Celebrating Fiestas de Quito
For over 50 years residents of Ecuador‘s capital have celebrated the founding of their city during a week-long party-Fiestas de Quito. Beginning at the end of November, work in Quito all but ceases as locales take to the streets for hundred of scheduled events-it’s mayhem in the best sense. Parades, festivals, operas, traditional dance performances, marching band competitions, and cultural displays highlight the city’s diversity.
Festivities commence when the Queen of Quito is crowned and end on December 6, the date in 1534 when the city was established. In between these two days, workers may go to the office and children may go to school, but only to play the highly addictive card game cuarenta. And dancing isn’t just relegated to clubs and bars, but to buses too! An old wooden bus turned into an open dance floor with wheels (and often a brass band on top), a chiva is the most fun way to get from point A to point B.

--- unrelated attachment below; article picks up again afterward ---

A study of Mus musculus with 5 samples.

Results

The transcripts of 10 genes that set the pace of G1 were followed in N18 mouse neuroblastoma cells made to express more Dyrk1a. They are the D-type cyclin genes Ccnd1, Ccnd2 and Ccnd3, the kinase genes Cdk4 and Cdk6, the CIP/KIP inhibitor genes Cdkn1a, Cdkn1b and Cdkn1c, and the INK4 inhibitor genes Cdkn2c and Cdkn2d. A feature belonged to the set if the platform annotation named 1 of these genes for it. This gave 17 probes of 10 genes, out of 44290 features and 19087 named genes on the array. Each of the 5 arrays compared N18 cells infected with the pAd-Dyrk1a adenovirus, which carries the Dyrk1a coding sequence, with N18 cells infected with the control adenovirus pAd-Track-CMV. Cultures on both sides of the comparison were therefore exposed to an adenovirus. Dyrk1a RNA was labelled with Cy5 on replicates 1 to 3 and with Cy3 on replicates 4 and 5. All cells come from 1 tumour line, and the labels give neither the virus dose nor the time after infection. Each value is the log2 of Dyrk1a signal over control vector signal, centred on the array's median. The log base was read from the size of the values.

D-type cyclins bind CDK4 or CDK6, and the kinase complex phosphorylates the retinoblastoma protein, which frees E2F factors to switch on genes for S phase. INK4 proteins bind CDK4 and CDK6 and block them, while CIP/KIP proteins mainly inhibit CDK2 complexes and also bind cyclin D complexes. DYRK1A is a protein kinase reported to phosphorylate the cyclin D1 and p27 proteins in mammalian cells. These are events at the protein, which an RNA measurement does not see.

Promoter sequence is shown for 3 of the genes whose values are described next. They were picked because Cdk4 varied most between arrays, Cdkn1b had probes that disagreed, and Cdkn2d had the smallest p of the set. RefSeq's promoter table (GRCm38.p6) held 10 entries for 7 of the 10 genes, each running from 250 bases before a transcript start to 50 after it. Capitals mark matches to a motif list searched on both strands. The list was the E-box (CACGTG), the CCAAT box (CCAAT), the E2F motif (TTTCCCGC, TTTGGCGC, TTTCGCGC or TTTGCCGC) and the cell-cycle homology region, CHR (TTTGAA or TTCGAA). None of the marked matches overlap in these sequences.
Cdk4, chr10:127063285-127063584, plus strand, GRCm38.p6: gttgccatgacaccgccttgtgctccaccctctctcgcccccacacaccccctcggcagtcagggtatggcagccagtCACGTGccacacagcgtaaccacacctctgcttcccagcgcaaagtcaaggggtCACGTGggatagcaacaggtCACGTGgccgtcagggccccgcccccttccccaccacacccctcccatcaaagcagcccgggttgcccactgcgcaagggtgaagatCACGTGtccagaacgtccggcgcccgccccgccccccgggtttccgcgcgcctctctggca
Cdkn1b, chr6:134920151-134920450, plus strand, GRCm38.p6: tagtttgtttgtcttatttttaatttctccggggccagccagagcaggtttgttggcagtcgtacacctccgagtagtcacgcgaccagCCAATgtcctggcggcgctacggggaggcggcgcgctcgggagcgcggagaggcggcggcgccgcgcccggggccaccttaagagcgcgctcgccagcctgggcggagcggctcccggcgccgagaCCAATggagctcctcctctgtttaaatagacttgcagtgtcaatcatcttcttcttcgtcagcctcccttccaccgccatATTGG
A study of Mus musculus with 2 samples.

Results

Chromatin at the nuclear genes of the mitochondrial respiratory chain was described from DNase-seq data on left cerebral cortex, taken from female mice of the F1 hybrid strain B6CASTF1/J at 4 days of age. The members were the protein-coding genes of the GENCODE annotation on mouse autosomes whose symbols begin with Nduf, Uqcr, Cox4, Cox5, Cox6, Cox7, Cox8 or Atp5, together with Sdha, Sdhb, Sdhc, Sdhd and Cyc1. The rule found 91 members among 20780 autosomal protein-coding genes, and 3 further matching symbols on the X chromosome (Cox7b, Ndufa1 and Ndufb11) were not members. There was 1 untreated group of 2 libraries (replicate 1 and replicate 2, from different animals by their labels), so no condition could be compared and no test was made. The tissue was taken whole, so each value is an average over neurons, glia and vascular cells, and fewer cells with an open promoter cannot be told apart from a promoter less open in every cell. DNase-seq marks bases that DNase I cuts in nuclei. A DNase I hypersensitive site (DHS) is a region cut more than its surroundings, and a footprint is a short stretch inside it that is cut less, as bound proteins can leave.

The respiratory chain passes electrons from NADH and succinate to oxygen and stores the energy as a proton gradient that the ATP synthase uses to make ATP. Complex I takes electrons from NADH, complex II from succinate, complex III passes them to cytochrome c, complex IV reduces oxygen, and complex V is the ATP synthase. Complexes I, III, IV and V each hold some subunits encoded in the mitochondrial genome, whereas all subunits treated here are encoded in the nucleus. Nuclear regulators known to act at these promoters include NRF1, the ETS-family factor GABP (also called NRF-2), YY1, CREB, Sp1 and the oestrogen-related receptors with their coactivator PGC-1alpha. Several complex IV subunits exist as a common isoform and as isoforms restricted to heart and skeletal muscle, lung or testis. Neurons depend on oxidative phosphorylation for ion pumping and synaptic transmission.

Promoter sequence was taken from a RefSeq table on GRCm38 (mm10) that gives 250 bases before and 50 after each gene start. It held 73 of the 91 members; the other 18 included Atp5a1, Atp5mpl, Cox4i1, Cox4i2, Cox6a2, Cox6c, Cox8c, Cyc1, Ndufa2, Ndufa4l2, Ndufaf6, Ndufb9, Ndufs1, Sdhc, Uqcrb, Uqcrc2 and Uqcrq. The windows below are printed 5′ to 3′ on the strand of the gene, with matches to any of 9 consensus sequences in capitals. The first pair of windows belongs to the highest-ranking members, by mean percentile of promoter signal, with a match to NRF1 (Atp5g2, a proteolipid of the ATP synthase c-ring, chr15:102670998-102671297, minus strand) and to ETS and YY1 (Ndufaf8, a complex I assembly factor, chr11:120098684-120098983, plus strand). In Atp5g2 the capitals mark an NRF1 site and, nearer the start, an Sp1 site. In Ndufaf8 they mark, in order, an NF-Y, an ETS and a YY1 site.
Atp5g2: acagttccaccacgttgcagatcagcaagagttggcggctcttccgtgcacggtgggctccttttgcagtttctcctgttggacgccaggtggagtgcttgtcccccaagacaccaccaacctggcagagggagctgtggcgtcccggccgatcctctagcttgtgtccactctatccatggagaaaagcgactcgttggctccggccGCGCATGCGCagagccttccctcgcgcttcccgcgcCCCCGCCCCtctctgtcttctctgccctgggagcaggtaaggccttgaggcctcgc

For most of the festival’s history, bullfighting was an important part of the celebrations. The city’s two bull rings would hold events throughout the week. But opposition to the tradition-which was imported when the Spanish established the city-grew until, in 2011, citizens voted to greatly restrict the bullfights, and today they are virtually non-existent. Other large scale events, including free concerts, are now scheduled instead, and so the festivities remain as large as ever.
Regardless of when you’re there, Quito is a city worthy exploring. All of our Ecuador tours include the opportunity to visit the colonial city center, the 15,000 foot volcano that hovers over the city, or the nearby equator line monument.
If you do find yourself in Quito during the Fiestas, head down to the main Plaza de San Francisco, enjoy a canelazo (a hot drink with rum and cinnamon), and dance alongside thousands of your new friends.